Where the River Ends
by Charles Martin
Order:  USA  Can
Broadway, 2008 (2008)
Hardcover, CD, e-Book


Painter Doss Michaels grew up in a trailer park in Georgia. He met Abbie Coleman, the daughter of a senator, just when he was about to give up painting and find a job that paid more money. Abbie's connections helped Doss become successful, and their relationship also flourished. Although they were very much in love, the lack of Abbie's father's blessing caused them to elope against his wishes.

After eleven years of marriage, Abbie discovers she has breast cancer. When all forms of treatment are exhausted, they do not want to give up, but it's Abbie's wish to complete items on her list of things she wants to accomplish in life. They aren't complicated, but one of these wishes - to make a trip of over a hundred miles on the St. Mary's River - will be something that stretches both Abbie and Doss, almost beyond what they can bear. Their relationship is challenged and strengthened during this journey, but it is not without its trials.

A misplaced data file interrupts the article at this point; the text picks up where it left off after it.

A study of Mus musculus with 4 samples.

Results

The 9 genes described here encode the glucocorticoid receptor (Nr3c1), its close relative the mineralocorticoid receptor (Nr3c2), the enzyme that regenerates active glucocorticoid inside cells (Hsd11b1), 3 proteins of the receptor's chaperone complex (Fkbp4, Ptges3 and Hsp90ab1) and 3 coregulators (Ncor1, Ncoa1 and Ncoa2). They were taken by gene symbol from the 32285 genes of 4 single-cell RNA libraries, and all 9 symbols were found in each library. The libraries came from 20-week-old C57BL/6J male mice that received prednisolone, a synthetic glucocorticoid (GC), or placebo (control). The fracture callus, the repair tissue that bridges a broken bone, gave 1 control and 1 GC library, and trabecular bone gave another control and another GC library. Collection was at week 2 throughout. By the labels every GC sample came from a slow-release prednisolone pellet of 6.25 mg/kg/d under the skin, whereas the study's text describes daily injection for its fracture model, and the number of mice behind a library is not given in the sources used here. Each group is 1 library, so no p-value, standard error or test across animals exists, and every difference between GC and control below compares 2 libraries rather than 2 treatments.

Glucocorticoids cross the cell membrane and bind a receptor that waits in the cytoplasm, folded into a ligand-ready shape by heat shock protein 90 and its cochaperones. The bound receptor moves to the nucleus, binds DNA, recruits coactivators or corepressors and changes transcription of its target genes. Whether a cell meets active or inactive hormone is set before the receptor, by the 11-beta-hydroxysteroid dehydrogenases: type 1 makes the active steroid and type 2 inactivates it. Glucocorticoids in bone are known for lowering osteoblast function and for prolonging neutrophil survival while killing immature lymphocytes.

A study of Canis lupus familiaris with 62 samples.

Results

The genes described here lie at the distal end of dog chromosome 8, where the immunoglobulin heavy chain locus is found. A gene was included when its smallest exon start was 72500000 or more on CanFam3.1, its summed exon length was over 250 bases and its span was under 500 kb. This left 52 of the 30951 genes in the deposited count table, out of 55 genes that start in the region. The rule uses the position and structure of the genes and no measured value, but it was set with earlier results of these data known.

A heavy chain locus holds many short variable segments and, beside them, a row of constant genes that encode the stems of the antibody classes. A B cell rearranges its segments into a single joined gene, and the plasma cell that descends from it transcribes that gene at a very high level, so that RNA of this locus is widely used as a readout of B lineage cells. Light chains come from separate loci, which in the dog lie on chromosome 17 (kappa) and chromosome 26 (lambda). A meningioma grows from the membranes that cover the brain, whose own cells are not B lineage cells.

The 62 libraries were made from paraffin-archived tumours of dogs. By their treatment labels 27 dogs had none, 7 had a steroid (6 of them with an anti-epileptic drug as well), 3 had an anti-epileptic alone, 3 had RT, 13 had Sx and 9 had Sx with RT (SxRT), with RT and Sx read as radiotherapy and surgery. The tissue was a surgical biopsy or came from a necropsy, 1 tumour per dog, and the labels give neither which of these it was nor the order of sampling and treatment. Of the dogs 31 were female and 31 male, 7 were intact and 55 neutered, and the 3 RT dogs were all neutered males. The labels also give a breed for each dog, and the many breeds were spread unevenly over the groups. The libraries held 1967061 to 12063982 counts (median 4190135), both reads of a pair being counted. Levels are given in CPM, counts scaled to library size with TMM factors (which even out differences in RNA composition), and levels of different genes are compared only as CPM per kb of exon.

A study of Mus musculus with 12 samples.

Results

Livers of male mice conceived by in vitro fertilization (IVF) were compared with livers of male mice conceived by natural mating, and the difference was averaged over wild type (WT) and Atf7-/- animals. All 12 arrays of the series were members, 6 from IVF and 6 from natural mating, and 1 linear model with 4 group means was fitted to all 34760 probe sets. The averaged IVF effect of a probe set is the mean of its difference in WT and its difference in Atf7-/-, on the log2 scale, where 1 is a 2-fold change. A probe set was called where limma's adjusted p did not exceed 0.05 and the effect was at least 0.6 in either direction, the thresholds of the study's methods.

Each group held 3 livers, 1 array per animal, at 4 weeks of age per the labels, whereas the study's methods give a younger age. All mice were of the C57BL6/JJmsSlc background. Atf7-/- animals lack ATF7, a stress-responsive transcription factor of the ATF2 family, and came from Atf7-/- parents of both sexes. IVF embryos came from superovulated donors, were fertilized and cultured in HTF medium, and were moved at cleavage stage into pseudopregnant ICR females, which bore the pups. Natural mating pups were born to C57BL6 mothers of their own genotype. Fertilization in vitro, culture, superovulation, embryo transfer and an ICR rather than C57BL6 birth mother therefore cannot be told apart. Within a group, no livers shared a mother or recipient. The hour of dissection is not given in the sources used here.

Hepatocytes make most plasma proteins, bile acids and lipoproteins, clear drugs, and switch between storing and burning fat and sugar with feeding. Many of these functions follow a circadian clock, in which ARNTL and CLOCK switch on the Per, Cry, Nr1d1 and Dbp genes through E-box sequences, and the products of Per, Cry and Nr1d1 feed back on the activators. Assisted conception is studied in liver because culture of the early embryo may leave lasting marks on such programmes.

I have long been a huge fan of Charles Martin's writing. His easygoing style is reminiscent of Nicholas Sparks, and the cover may even cause Sparks fans to do a double-take because it's so similar to his cover style. But Martin is an excellent author in his own right, evoking emotion in just the right spots without overdoing the weepiness of the story. The characters of Doss and Abbie are well written. One gets a true sense of who they are and their motivation. At first, I thought that Where the River Ends would be another one of those Bucket List stories that have become so popular lately, but it really isn't. Overall, this is a beautiful love story between two people who treasure each other and want to give their best to each other.

The detail about breast cancer and about someone dying from the disease may be very difficult for some readers to get through. It's unclear whether the author is intimately familiar with the subject from personal experience, or whether he just did great research. But all the same, readers should have fair warning about the subject matter. Where the River Ends is filled with heart-wrenching emotional depth, but also glows with love. If you are not familiar with Charles Martin's writing, this is an excellent place to start.